The newcomers became targets of beatings and robberies, culminating in the burning of a Mexican-owned car by a group of Puerto Ricans. Reluctant to go to the police, a group of Mexicans – illegal immigrants who feared deportation – sought their own justice with plans to burn down a house belonging to Puerto Ricans.
Jose is Puerto Rican, but has gained the trust of the Mexican community by speaking with them in Spanish in the presence of a priest at the local church. He persuaded them to co-operate with police to find and arrest the perpetrators – thus avoiding an escalation of violence.
With a less empathetic police officer, this story might have had a different ending.
In one of the world’s most diverse cities, where nearly half of New York County’s residents are minorities, according to the 1999 US Census, officers are bound to come across situations like the one experienced by Jose.
In recognition of the role race and ethnicity plays in policework, Manhattan’s John Jay College of Criminal Justice offered to members of the New York Police Department a six-week course: Police Supervision in a Multiracial and Multicultural City. More than 500 officers enrolled in this summer’s pilot programme that will resume this autumn.
The interdisciplinary course draws on history and sociology, and focuses on themes that include “race and policing” and “myths and reality of crime”. A textbook is used, homework assigned and teachers lecture. But most importantly, teachers challenge the officers with questions they would not usually consider.
Richard Glover, who teaches in John Jay’s public management department, is one of the 28 teachers leading more than a dozen sections of the course. The seemingly simple question he asked officers one morning – “Should we ignore race?” – leads to heated discussion about how various races and ethnicities are stereotyped.
One officer discusses her experience patrolling the city’s Washington Heights area on night shifts, where she saw the neighbourhood’s predominantly Dominican population dealing in drugs or engaging in other criminal acts. “When I worked 4am to midnight, I thought all Dominicans were bad people,” she says frankly. “But when I worked the day shift I saw them going to work and church. I thought, ‘Oh my God, who are these people?’ ”
The students – many of African and Hispanic descent – listen attentively when Mr Glover says, “You cannot grow up in America without some concept of race. It is human nature to discriminate. We’re challenging you to recognise you have this tape running through your mind. In six weeks we can’t undo it. The best we can do is make you painfully aware of it.” Without this awareness, he emphasises, officers cannot provide impartial police service.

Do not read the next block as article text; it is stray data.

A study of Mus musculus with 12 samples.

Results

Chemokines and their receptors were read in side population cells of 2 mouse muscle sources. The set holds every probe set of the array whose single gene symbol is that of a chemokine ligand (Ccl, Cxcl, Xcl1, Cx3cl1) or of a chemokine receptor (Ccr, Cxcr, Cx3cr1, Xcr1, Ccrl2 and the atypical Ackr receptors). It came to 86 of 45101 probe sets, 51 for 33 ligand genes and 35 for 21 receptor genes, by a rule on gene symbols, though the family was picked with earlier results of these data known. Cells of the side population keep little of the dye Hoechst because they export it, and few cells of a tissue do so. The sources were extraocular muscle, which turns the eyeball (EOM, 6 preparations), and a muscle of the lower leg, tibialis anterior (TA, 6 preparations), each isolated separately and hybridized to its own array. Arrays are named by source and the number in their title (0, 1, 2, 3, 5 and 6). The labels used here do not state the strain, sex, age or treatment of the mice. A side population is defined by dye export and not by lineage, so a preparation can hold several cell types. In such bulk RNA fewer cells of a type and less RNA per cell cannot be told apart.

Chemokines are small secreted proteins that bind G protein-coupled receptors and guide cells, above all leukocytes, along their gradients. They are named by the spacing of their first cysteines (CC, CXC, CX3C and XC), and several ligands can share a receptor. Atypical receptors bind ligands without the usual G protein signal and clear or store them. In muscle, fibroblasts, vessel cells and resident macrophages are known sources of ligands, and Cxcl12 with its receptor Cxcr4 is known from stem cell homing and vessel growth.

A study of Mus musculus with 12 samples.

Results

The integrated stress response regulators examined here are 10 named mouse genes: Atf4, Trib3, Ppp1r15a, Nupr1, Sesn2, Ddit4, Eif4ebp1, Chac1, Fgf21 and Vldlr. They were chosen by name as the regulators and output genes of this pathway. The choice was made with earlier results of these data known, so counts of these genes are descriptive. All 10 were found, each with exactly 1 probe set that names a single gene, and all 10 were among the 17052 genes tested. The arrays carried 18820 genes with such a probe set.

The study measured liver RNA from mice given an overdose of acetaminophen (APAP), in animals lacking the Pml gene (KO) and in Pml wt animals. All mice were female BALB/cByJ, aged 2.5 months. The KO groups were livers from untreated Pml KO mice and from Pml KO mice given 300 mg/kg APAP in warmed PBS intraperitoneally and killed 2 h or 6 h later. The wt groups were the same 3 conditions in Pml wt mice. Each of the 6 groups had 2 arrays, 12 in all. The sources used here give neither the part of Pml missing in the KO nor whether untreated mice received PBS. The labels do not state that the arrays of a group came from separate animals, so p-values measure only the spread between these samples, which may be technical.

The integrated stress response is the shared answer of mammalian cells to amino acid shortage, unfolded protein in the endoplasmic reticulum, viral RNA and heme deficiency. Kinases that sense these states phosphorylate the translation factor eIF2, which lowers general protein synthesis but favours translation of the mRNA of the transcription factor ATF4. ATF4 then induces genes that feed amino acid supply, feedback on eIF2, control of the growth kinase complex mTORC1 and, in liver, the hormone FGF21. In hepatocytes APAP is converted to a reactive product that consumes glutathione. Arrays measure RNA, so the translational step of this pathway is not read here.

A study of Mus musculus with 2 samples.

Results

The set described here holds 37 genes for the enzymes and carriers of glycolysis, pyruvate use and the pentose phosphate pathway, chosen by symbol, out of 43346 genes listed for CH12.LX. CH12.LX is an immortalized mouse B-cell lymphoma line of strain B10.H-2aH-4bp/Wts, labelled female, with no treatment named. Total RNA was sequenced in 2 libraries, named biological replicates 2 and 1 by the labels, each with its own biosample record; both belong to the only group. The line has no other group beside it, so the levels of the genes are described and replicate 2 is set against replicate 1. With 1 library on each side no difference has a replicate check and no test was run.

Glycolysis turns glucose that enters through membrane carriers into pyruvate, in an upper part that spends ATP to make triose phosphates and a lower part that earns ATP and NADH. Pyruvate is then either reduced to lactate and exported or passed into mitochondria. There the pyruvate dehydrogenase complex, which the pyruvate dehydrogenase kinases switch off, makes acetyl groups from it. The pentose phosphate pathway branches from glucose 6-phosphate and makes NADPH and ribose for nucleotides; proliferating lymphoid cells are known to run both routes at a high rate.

Impartiality is not commonly a word associated with police, especially in New York where the department’s reputation remains stained by notorious incidents of police brutality. Two cases are most vivid. In 1999, police shot 41 times at Amadou Diallo – an unarmed African street vendor – killing him on his doorstep. Abner Louima, a Haitian immigrant, was beaten by officers and sodomised with a broomstick in a police station bathroom in 1997. Last week, Mr Louima accepted a legal settlement of $8.75m from the city and its main police union.
Minorities represent about a third of the NYPD, according to 1999 figures. Yet accusations of racial profiling by police are rife. Even several minority officers in the class say it is not unusual for them to be stopped and questioned while off duty.
Peter Vallone, City Council speaker, played a major role in initiating the programme, which received $500,000 of funding this summer and will receive $1m in the autumn. It is perhaps no coincidence that Mr Vallone will be running for New York City mayor and that safety and policing top the agendas of all mayoral candidates.
“We’ve become such a race-conscious society, but we’re really not trained to be effective in dealing with those kinds of issues,” says Mr Glover. Police academy does provide some training in diversity, but there is nothing as focused as what John Jay College is offering.
Students say the class is giving them a chance to address a sensitive topic candidly and scrutinise themselves and how they regard others.
Jose Piedra, on the force for seven years, says he has a “different outlook now” because of the course, which has affected not only his police work but his personal life. “It’s something they should include in elementary schools.”
“This classroom is teaching me to do things in a different way,” said Genise Brown, who has been with the NYPD for 10 years. “People need to understand not just about the variety of people in this city. They need to learn more about the people they police.”